Unless you’re part of Melbourne’s legal fraternity, you may have been unaware that the opening of the legal year is celebrated with the Red Mass, a ceremony at St Patrick’s Cathedral. The Red Mass represents the long-standing link between the legal profession and the Church and is well-attended each year by senior judges, donning ceremonial regalia of wigs and robes, alongside other members of the legal profession and their families.
Chaplain to the Melbourne Catholic Lawyers Association Fr Cameron Forbes articulates why this is an important event in the calendar. ‘The Red Mass highlights that working in the legal profession – be it as a judge, barrister or solicitor – is more than a job; it is a vocation in the pursuit of justice and mercy,’ he says.
‘The Red Mass calls upon the Holy Spirit to guide and bless the work of those in the legal profession.’
Before joining the seminary, Fr Cameron completed degrees in law and arts at the University of Melbourne, going on to work in policy development for the Commonwealth Government, and the Australian Industrial Relations Commission. At the Red Mass, Fr Cameron will be a concelebrant with Archbishop Peter A Comensoli, Fr Werner Utri and Fr Tony Kerin.
The Red Mass is so named from the fact that traditionally, the celebrant wore red vestments, customary in services celebrating the Holy Spirit, and in centuries past the attending Lord High Justices also wore scarlet robes.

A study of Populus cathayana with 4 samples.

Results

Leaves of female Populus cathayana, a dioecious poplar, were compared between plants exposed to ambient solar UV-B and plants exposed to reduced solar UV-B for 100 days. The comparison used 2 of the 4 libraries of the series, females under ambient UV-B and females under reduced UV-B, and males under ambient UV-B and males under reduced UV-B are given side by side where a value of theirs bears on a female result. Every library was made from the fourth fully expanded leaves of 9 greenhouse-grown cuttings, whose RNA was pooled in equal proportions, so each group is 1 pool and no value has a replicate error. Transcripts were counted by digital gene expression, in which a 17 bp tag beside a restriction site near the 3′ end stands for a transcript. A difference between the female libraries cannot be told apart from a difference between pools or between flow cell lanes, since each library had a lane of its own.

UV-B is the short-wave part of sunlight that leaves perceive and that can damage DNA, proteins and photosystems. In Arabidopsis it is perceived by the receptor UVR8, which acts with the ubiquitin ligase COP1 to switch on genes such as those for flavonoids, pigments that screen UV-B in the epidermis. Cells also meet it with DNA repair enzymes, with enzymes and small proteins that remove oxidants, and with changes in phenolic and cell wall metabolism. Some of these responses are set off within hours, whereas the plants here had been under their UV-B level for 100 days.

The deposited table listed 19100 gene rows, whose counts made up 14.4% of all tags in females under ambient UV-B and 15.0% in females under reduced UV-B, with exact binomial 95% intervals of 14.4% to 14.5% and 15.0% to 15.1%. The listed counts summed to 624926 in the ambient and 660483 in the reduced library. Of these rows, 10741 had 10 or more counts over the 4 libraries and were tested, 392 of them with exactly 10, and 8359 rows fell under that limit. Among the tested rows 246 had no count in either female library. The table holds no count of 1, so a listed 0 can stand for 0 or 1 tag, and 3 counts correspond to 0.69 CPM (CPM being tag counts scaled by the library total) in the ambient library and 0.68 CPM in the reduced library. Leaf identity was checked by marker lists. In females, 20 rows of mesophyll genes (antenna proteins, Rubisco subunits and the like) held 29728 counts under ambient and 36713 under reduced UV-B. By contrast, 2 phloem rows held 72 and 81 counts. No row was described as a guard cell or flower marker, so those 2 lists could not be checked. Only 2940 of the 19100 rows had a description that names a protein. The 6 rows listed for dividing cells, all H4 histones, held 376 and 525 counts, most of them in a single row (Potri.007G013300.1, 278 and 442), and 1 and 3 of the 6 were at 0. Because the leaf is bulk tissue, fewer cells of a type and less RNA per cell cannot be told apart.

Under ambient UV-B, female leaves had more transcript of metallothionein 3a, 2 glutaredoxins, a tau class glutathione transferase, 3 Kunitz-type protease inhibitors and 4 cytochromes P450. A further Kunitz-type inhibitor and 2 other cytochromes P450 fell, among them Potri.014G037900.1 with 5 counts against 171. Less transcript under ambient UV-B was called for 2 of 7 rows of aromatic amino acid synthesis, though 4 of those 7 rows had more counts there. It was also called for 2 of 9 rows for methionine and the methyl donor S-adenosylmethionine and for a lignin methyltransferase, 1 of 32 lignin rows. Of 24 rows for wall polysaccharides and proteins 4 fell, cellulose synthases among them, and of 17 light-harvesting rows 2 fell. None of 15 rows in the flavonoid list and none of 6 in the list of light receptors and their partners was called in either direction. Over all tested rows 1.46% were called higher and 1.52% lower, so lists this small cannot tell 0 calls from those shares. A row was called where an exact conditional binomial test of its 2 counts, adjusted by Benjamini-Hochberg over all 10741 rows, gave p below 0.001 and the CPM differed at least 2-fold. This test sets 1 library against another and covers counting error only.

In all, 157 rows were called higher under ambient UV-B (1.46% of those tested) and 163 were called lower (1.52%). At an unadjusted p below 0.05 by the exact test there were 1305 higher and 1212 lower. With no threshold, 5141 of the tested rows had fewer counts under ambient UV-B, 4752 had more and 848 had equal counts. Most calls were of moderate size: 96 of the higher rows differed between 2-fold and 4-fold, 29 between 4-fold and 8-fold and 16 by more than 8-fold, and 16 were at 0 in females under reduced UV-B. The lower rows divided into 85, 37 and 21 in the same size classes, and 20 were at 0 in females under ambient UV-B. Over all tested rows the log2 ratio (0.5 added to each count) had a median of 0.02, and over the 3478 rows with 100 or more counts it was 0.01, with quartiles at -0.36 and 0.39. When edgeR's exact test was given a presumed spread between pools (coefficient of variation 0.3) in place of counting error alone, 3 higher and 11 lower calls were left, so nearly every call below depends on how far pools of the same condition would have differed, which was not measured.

Currently, the Red Mass ceremony occurs in many cities over the world and comes from a tradition dating back to the Middle Ages.
‘The first known Red Masses were celebrated in Paris in 1245 and Westminster in 1301,’ says Fr Cameron. ‘Judges, barristers and solicitors continue their work in an unbroken line of legal history where the values of our Judeo-Christian heritage have always been present.’
In a world of flux, there’s a place for an unbroken tradition many centuries old.
And according to Fr Cameron, ‘all of us are in need of the gifts of the Holy Spirit. This reality remains through the ages, despite changing circumstances. The special prayers during the Red Mass invoke the Holy Spirit upon those who work in the legal profession. The Mass brings alive again Jesus’ sacrifice on the Cross for us, and reminds us that we too need to keep making sacrifices for the common good.’
The Red Mass isn’t without its detractors, with some finding a ceremony celebrating the Opening of the Legal Year in a Catholic Mass to be an odd juxtaposition. However, the legal profession and the Church share a great deal of cultural DNA, with the legal system within the Catholic Church being the oldest continuous legal system in the West, predating many civil law traditions.
‘The Church has strongly influenced the development of Western civilisation, its institutions, moral code and systems of law and order,’ Fr Cameron says. ‘I think the participants feel that their legal vocation continues those developments in the service of justice and mercy.’
And, Fr Cameron adds, not all attendees at the Mass are necessarily Catholic. ‘The Red Mass is open to all those who want the Holy Spirit to bless and guide their work in the legal system.’ Other denominations and faiths offer similar services on the same day.
The Mass is a welcome reminder that the values of justice and mercy that underpin the system of law and order and enable our society to function, come first from God.